Emma Lunn

A committee of MPs have accused the government of bullying carers who have made honest mistakes when receiving carer’s allowance.

The Work and Pensions Committee has called on the Department of Work and Pensions (DWP) to completely reassess its approach and consider writing off carers’ debts.

The committee said carers are being disproportionately heavily penalised for years of DWP administrative errors or their own honest mistakes, in “a confusing and outdated system”.

The committee cited the case of a carer who was overpaid £3,000 after he accidentally worked too many hours while caring for his mother who had dementia and Alzheimer’s, and his mentally ill son. He was charged with fraud and given community service of 180 hours unpaid work. The carer’s son was taken into care and he had to move in with his mother.

Frank Field MP, chair of the committee, said: “Carers are damned if they do, damned if they don’t: penalised as soon as they earn even a pound over the threshold, and punished by the department’s own administrative failures and hopelessly outdated systems.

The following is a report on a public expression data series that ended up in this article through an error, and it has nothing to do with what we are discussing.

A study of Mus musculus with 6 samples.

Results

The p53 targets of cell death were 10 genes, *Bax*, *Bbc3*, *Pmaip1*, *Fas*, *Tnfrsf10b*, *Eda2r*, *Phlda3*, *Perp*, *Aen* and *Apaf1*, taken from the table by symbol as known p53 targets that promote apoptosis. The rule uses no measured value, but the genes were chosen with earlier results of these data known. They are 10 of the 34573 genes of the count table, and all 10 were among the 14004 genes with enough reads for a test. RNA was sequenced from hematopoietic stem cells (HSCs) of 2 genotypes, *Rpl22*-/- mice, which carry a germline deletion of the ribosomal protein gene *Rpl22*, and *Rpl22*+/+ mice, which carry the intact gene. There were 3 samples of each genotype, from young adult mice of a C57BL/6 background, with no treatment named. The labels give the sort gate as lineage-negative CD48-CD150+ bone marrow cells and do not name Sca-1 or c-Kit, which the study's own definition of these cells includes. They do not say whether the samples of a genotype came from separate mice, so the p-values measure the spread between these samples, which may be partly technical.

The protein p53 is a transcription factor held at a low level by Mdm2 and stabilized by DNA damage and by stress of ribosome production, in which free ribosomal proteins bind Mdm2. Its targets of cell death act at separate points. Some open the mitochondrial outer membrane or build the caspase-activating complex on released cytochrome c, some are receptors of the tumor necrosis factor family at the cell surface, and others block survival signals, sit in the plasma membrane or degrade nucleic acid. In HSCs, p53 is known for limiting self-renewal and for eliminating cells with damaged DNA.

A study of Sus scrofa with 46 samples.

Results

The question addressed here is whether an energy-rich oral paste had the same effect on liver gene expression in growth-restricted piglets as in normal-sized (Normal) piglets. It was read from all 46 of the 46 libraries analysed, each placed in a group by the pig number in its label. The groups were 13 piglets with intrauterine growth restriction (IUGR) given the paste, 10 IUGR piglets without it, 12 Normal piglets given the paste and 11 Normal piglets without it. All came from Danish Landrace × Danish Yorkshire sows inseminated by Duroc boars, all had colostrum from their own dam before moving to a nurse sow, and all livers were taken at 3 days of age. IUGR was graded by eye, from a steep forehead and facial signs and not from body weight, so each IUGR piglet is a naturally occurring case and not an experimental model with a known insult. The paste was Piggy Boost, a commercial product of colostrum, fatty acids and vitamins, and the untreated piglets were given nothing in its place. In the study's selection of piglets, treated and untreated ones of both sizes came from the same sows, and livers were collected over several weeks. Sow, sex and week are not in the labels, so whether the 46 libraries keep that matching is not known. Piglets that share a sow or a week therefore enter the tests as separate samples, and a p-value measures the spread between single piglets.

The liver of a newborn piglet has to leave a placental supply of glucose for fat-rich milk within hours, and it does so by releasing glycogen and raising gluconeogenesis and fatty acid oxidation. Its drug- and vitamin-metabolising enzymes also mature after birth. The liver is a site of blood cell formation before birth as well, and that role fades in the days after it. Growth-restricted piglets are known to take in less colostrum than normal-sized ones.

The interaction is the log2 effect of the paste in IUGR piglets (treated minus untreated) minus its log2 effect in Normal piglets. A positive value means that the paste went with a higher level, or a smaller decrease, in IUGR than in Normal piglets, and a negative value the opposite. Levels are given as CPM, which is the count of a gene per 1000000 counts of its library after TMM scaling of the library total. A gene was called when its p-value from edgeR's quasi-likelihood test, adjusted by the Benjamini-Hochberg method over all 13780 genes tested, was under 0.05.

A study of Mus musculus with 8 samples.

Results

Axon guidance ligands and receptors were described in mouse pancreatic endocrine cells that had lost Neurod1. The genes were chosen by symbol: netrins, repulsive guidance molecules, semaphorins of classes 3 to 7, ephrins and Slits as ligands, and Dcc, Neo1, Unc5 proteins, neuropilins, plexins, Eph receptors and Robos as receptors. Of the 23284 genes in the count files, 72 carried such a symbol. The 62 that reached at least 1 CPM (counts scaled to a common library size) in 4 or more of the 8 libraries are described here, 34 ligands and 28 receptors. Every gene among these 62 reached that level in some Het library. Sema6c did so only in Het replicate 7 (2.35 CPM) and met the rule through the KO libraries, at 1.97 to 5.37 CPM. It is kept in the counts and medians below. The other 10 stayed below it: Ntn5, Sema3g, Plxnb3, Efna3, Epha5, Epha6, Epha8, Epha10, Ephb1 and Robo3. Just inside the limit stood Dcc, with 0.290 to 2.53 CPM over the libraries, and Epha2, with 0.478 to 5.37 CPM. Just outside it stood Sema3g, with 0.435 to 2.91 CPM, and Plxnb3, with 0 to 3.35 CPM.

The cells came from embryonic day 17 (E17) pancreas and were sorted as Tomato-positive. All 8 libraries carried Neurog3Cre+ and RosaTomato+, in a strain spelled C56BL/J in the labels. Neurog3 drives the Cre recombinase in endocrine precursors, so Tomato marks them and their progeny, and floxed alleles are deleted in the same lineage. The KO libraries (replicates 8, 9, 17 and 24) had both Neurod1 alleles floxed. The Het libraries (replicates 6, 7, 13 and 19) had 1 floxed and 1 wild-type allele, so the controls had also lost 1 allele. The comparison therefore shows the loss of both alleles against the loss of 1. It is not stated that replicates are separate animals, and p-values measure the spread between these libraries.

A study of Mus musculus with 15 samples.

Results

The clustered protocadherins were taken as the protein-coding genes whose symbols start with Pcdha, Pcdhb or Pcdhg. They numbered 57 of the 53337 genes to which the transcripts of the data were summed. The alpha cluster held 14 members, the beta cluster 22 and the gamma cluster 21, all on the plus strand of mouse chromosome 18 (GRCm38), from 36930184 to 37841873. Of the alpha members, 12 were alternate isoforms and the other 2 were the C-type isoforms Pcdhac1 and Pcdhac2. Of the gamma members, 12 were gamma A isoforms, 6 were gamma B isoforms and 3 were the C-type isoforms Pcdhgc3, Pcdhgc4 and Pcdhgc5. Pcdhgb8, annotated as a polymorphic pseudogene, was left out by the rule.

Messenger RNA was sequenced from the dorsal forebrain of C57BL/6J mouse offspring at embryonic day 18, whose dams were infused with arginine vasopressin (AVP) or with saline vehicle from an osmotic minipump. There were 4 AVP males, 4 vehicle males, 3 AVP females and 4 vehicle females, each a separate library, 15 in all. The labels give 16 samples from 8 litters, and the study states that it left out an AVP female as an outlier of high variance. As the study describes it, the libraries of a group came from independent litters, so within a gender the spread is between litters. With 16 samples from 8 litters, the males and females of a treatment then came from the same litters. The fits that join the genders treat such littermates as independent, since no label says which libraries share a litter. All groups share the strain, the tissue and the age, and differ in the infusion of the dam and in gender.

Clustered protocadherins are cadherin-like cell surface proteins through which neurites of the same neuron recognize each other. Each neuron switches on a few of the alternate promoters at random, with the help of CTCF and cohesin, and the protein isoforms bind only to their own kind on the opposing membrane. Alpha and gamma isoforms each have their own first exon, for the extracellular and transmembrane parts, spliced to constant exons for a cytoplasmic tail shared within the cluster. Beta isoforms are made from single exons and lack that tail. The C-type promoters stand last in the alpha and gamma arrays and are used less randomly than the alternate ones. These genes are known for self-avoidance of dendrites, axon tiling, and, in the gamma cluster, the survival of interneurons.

“The department sets itself no targets for tackling fraud and error for individual benefits, yet jumps on struggling carers for every honest mistake. DWP has got its priorities all wrong. Bullying carers is no way to recognise, much less support, the invaluable contribution they make to our society and the people they care for, or the hundreds of billions of pounds they save the taxpayer. Will the government now please get off the back of carers? They have important work to do.”

It is estimated that there are about 7 million carers in the UK. Collectively they make an unpaid contribution of £132bn to the UK economy every year.

Most people will become a carer at some point in their lives, caring for a partner, parent, friend or disabled child who cannot cope without their support.

According to Carers UK’s 2019 State of Caring report, 39 per cent of carers are in financial hardship and 73 per cent of carers on Carer’s Allowance are unable to afford to save for retirement.